How food banks are driving meaningful partnerships to help address food insecurity in Northern Canada

Safely navigating the winter road system in northern Manitoba that many fly-in communities rely on for temporary access to more affordable food and groceries in larger urban centres comes with a long list of considerations and potential risks.

When using the 2,375-kilometre-long seasonal road system, which is built on the natural terrain of muskeg, streams, rivers and lakes, northerners making the long drive south to benefit from lower food prices need to plan in advance for the possibility of being stranded.

At a minimum, they need to carry enough fuel to reach their destination, as there are no service stops along the way. Proper clothing, survival equipment, and a satellite phone are also recommended to avoid the possibly life-threatening consequences of an accident or breakdown, adding to the exorbitant cost of the long-distance grocery run for individuals and families who are already dealing with disproportionate levels of food insecurity in Canada’s North.

The multiple ice road crossings along the way further complicate things, requiring drivers to control their vehicles on the slippery surface and keep from creating waves that can crack the ice when they strike the shoreline, sandbar, or hit a wave from a vehicle travelling in the opposite direction. The risks are even higher when fluctuating and warming weather either delays freezing or causes the road surface to rapidly deteriorate.

READ MORE: New map reveals risk of food insecurity faced by northern communities due to climate change, reduced winter road access

This year, due to unseasonably mild temperatures, the temporary lifeline to other parts of the province that about two dozen communities depend on to purchase fresh groceries and pantry staples in the face of rising food insecurity was delayed by several weeks, from the typical opening time in mid-January to February.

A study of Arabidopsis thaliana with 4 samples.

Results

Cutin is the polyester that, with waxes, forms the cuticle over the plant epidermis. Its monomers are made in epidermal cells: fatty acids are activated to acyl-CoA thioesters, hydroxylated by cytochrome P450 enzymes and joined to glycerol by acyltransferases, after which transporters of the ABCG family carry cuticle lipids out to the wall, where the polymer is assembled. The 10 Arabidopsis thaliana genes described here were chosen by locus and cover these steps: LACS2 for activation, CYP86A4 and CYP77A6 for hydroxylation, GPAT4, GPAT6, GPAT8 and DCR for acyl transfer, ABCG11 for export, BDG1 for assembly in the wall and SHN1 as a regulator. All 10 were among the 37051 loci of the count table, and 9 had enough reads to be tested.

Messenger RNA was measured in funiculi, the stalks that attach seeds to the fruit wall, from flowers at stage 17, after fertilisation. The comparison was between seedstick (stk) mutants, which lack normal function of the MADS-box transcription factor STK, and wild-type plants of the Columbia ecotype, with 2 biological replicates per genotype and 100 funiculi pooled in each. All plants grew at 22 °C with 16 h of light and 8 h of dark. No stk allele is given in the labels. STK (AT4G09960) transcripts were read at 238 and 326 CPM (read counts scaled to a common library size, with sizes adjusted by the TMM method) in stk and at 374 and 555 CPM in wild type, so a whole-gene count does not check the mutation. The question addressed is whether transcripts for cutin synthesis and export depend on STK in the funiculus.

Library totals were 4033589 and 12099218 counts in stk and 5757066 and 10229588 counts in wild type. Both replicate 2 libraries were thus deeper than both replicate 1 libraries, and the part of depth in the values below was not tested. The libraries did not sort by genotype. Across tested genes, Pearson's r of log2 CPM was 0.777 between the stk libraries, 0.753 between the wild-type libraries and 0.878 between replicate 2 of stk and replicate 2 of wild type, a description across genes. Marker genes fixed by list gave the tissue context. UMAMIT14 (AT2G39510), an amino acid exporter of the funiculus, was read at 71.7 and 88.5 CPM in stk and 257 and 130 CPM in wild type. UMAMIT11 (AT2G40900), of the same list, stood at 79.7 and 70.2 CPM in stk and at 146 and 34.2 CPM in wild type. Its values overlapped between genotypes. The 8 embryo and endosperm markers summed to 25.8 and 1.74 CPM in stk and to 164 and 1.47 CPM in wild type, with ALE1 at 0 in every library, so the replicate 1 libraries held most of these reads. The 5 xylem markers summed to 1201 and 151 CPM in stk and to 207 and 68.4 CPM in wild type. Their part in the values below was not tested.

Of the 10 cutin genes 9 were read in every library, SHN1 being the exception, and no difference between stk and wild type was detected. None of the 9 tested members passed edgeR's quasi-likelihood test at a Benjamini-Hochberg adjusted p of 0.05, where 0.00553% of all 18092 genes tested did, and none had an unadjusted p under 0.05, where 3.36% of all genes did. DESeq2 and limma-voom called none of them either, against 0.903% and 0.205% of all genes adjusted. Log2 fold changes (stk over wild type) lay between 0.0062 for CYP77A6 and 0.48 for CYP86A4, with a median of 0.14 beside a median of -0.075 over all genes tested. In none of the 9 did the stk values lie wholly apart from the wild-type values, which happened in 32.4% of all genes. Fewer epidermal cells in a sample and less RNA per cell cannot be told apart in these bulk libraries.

Jamie Wood, who serves as the food coordinator for the Garden Hill First Nation in northern Manitoba’s remote Island Lake region – which also includes the First Nation communities of St. Theresa Point, Wasagamack, and Red Sucker Lake – said the warmer-than-normal weather conditions are pushing local winter road openings later and later each year and putting people at increased risk due to the shortened season.

None of the four Island Lake communities are connected to the province’s road network, meaning shipping precious cargo like gas and groceries is generally complicated and expensive. For most of the year, food and other basic necessities can only be flown in by plane, which is why grocery store price tags rarely resemble those seen in southern, road-connected centres, such as Thompson and Winnipeg.

When the winter roads open late, Wood said people either can’t go out to buy food or risk putting themselves in danger by venturing out even when the roads haven’t been inspected or maintained.

“A paycheque doesn’t last a full two weeks if you shop locally, so people drive to Winnipeg to pick up groceries and stock up their cupboards,” Wood said. “People usually just go even if it’s not open officially … so they take their chances.”

To help improve access to sufficient, safe and nutritious food for approximately 15,000 residents in the Island Lake region, Harvest Manitoba and Anishininew Okimawin (Island Lake Tribal Council) entered into an agreement in 2022 to support the shipment and distribution of food in St. Theresa Point, Wasagamack, Garden Hill and Red Sucker Lake.

Harvest Manitoba, which distributes more than 1 million pounds of food each month to over 350 food banks and other agency partners across the province, also became the first registered food bank with Nutrition North Canada, a Government of Canada program that supports food security in isolated northern communities. This revolutionary step for the program could pave the way for more charities and food banks to claim subsidies for transporting and distributing food and essential household items in northern communities that are deemed eligible.

With this partnership and working with volunteers and leaders from the Island Lake community, Food Banks Canada’s dedicated Northern Program Officer, Jason Stevens, hit the winter roads in February 2023 to help deliver 17,000 pounds of food to people struggling to make ends meet.

The 478-kilometre, 14-hour ice road journey culminated in a pop-up food bank being created at the Kistaganwacheeng Elementary School in Garden Hill, where community members grappling with high food and grocery prices were provided with access to fruit, vegetables, beans, flour, eggs, pasta and more.

During the food distribution, Garden Hill resident Myra Harper said the program was a new and welcome experience, especially considering that local supermarket prices are often triple the price they are in the south.

 “When I lived in Winnipeg, I knew that I could get help from the Ma Mawi Wi Chi Itata Centre and Harvest Manitoba,” Harper said. “But people here are struggling because there are limited jobs and the social assistance rates are not enough. They need help.”